The Greek delegation was obviously very displeased to hear US President Donald Trump repeatedly expressing support for his Turkish counterpart, Recep Tayyip Erdogan.
This week’s celebrations for NATO’s 70th anniversary seemed more like the prelude to an elegy on the imminent demise of the longest and most successful military alliance in history, of the West at least.
The majority of European leaders attribute this demise entirely – whether tacitly or openly – to US President Donald Trump, who has the unfortunate habit of expressing his opinions openly, without the usual diplomatic tact that requires that some things be left unsaid.
Such strategic matters, however, seemed to be of little concern to the Greek delegation under Prime Minister Kyriakos Mitsotakis, who had intended to brief the country’s allies on Ankara’s illegal activities off the coast of Cyprus and in the Aegean and were obviously very displeased to hear Trump repeatedly expressing support for his Turkish counterpart, Recep Tayyip Erdogan.
The Greek side, though, should not have been surprised by NATO’s “neutral” stance on Greek-Turkish disputes. The alliance has stayed out of such issues since the restoration of democracy in Greece. The trend began with Greece’s withdrawal from NATO’s military command structure in 1974 and continued under the socialist government of Andreas Papandreou, which initially blocked a joint communique on nuclear arms and then went on to confine its reservations to footnotes. In the absence of an alternative, however, Greece is repeating this futile process.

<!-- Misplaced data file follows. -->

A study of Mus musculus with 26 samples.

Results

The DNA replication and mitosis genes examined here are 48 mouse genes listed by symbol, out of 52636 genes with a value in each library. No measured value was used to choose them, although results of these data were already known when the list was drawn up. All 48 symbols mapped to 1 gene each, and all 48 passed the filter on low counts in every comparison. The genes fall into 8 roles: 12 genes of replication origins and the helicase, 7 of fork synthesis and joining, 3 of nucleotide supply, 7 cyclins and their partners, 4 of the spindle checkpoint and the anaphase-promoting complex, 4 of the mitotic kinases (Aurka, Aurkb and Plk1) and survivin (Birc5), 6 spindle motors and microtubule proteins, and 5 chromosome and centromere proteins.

The European Union, which is also in the grips of a severe crisis, has limited its reaction to Ankara’s behavior to symbolic condemnations and nothing more. After all, when Greek-Turkish relations were so sorely tested during the 1996 Imia crisis, a military confrontation was averted thanks to the intervention of the United States.
It was in this bleak context that talks were held in London Erdogan and Mitsotakis whose brief statement on television afterward illustrated the stalemate they have come to.
We are possibly on the brink of the abyss. Even the most optimistic statements from European agencies and diplomats, which are critical of Ankara’s actions in the Eastern Mediterranean and the Aegean, are urging negotiations on the issues that divide the two countries. And this is where we are headed, like it or not, in unfavorable circumstances.